Have you ever walked along a path and come upon a herd of deer? There’s that first stillness when you are seen and evaluated for your safety quotient… and then they bolt into the woods! Have you lamented disturbing the sanctuary of their abode, or have you just been grateful for having seen the serene gathering?

In this month to explore the place violence in our times, I want to talk about our need for sanctuary because, as Quaker, Parker J. Palmer says,

We live in a culture of violence.

Even if we’re not at daily risk of physical injury or death… our culture relentlessly assaults our souls with noise, frenzy, consumerism, tribalism, homophobia, misogyny, racism, and more. It’s common to become desensitized to these assaults.

Parker J. Palmer, “On the Brink of Everything”

The Root of Inner Wisdom

The temptation is to become more frenzied, more activistic, more violent toward violence – even if we know violence begets violence. Thus a few years before he died, Thomas Merton spoke to this, as he was aware of his need for inner sanctuary:

There is a pervasive form of contemporary violence to which the idealist… most easily succumbs: activism and overwork. The rush and pressure of modern life are a form, perhaps the most common form, of its innate violence.

To allow oneself to be carried away by a multitude of conflicting concerns, to surrender to too many demands, to commit oneself to too many projects, to want to help everyone in everything is to succumb to violence. The frenzy of the activist neutralizes his work… it destroys the fruitfulness of his own work, because it kills the root of inner wisdom which makes work fruitful.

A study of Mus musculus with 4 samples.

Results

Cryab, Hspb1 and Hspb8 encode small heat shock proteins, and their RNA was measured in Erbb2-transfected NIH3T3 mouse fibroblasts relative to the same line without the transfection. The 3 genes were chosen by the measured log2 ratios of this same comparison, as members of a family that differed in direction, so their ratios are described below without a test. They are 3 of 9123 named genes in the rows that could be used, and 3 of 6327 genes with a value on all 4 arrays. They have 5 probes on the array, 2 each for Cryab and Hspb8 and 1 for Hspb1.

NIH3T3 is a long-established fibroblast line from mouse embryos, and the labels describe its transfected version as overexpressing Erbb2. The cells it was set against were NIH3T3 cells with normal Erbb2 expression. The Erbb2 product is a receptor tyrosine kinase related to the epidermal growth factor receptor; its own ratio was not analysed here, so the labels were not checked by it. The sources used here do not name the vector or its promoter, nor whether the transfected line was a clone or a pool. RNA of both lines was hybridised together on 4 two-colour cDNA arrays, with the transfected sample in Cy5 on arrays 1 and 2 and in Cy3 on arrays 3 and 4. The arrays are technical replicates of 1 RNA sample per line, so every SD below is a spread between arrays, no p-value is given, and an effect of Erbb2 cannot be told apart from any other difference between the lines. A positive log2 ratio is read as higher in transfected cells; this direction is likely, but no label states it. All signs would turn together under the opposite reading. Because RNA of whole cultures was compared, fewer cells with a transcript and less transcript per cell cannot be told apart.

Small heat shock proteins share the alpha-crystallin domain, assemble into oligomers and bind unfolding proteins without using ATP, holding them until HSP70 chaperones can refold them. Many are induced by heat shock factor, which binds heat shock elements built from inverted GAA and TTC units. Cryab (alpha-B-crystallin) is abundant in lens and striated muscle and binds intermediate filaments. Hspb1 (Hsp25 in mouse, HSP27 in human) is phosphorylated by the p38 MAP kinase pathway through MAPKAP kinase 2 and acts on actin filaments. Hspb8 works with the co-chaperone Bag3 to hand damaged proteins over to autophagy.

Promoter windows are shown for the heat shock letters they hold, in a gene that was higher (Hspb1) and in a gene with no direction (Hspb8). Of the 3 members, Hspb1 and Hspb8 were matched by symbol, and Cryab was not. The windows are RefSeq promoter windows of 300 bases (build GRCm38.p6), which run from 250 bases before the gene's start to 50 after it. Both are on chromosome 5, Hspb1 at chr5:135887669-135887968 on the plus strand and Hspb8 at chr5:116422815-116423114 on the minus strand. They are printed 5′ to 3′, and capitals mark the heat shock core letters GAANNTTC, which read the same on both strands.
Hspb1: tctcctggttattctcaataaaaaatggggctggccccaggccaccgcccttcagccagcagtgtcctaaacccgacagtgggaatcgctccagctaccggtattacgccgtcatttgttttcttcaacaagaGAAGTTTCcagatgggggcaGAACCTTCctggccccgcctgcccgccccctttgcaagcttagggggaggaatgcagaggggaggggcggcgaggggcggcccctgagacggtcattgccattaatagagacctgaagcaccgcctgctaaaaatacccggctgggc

Thomas Merton, “Conjectures of a Guilty Bystander”

Soul Care in Careless Times

Caring for the root of inner wisdom becomes the work of those committed to being peacemakers in a time of violence, otherwise it can be too easy to slip into fighting fire with fire, addressing violence with violence, and forgetting how to be rooted to the Source of life.

I like the quip, “even Jesus did NOT have a messiah complex”. Though He is the Messiah, His example was not to succumb to the violence of trying to help everyone in everything. His actions, words, and prayer life demonstrated a rootedness to the One who made us for Himself.

In this light, Eugene Peterson writes,

Prayer is political action. Prayer is social energy. Prayer is public good…

Prayer is subversive activity. It involves a more or less open act of defiance against any claim of ultimacy by the current regime…

Prayer develops in us an awareness of God’s rule: his intentions, his ways, his strategies, his commands.

Eugene Peterson, “Where Your Treasure Is.”